Short Story: Lifeblood

Abi’s Note: Thanks for reading everyone, if you want to read the original post or follow the blog that my husband and I write just follow the link here. Happy reading! 🙂 

I completed a second of my stories this week, and we are getting really excited about the progress we’re making. With several of the stories now having been sent out to beta readers (thank you all), we’re about half-way finished with our short story collection. So, here is your second sneak peek.

    You remember distinctly the very first life you ever took. At twelve years old, you participated in the traditional rite of passage into adulthood by dueling and killing a prisoner of war who had been starved enough to give you a good chance. Of course the prisoner was fighting for his life which added a serious danger to it.
But it wasn’t the battle that you remember so well. It was the feeling when the body collapsed and the blood pooled at your feet that gives you chills to this day.
It had been too easy.

    These are not the opening lines of the story, but this gives you a good taste of what the story feels like. This is actually my favorite story that I’ve written for this collection, I think. It started off as an experiment that I wasn’t sure would really work. I wrote the first draft of this story for a creative writing class in which we’re supposed to write “literary fiction”, which basically means the story is supposed to be character driven and basically a character study rather than a piece of action or plot-pumping entertainment. I wanted to know if I could write a story that was centered around action and violence and still make it character driven. It took a lot of time and a lot of revisions, but I think I have succeeded (and my professor does too).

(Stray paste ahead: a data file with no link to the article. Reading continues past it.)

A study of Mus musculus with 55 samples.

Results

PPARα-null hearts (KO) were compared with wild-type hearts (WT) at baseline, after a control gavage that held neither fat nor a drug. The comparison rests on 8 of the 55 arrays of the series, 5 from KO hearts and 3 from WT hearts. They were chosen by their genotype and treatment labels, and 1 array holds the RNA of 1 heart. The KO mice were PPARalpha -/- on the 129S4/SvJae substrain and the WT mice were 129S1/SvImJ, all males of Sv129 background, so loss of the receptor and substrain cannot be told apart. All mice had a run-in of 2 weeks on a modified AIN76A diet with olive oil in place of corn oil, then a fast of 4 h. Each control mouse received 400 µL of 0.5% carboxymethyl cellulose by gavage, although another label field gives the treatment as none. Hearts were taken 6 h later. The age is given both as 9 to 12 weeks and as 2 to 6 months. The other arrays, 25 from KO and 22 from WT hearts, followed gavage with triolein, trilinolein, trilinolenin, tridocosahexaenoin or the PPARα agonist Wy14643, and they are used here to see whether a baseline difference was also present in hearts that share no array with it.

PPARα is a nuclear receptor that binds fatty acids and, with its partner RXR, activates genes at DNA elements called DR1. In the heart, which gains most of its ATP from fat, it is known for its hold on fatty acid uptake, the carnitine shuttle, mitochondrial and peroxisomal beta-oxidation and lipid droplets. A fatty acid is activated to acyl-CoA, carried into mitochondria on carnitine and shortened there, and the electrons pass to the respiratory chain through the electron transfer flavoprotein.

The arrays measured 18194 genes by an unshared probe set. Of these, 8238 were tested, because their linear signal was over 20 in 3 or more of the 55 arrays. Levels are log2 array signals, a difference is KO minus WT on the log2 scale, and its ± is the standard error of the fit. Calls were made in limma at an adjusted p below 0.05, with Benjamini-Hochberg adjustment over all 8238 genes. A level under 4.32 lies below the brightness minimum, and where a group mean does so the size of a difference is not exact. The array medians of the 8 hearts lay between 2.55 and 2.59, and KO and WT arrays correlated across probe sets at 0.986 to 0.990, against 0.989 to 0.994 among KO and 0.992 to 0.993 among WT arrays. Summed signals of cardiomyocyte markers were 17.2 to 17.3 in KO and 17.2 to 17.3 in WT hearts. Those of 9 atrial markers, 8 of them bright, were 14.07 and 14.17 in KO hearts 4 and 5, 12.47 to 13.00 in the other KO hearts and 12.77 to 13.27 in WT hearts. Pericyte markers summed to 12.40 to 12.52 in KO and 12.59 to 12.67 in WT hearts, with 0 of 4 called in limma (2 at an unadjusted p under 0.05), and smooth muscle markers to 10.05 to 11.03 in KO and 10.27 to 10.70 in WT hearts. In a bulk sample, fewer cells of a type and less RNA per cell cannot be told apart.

This story follows a viking chief named Orvar on a battlefield, trying to get vengeance for the murder of his family, but it’s a lot more than that. It’s about a father-son relationship. It’s about a chief-village relationship. It’s about manhood, and what coming of age really means. It’s about honor, responsibility, and what it means to really be a leader.
    Some other information abut this story. You may have noticed in the passage from the story that I used the 2nd person point of you saying, ‘you did this, you did that’, This was the second most experimental part of this story. I wanted the story to feel like an epic poem. I wanted it to feel like a story that is told around a campfire about a legendary hero, like the vikings would have done. And I wanted to see if the 2nd person point of view would work since I’ve always wanted to write a story like that.
    If you want to know more, stay updated here or contact me with questions, comments, or concerns. Next week, the sneak peek will be about one of my wife’s stories, Thanks for taking the time to read this and be part of our process, and let me know if you still want to beta read. It’s not too late.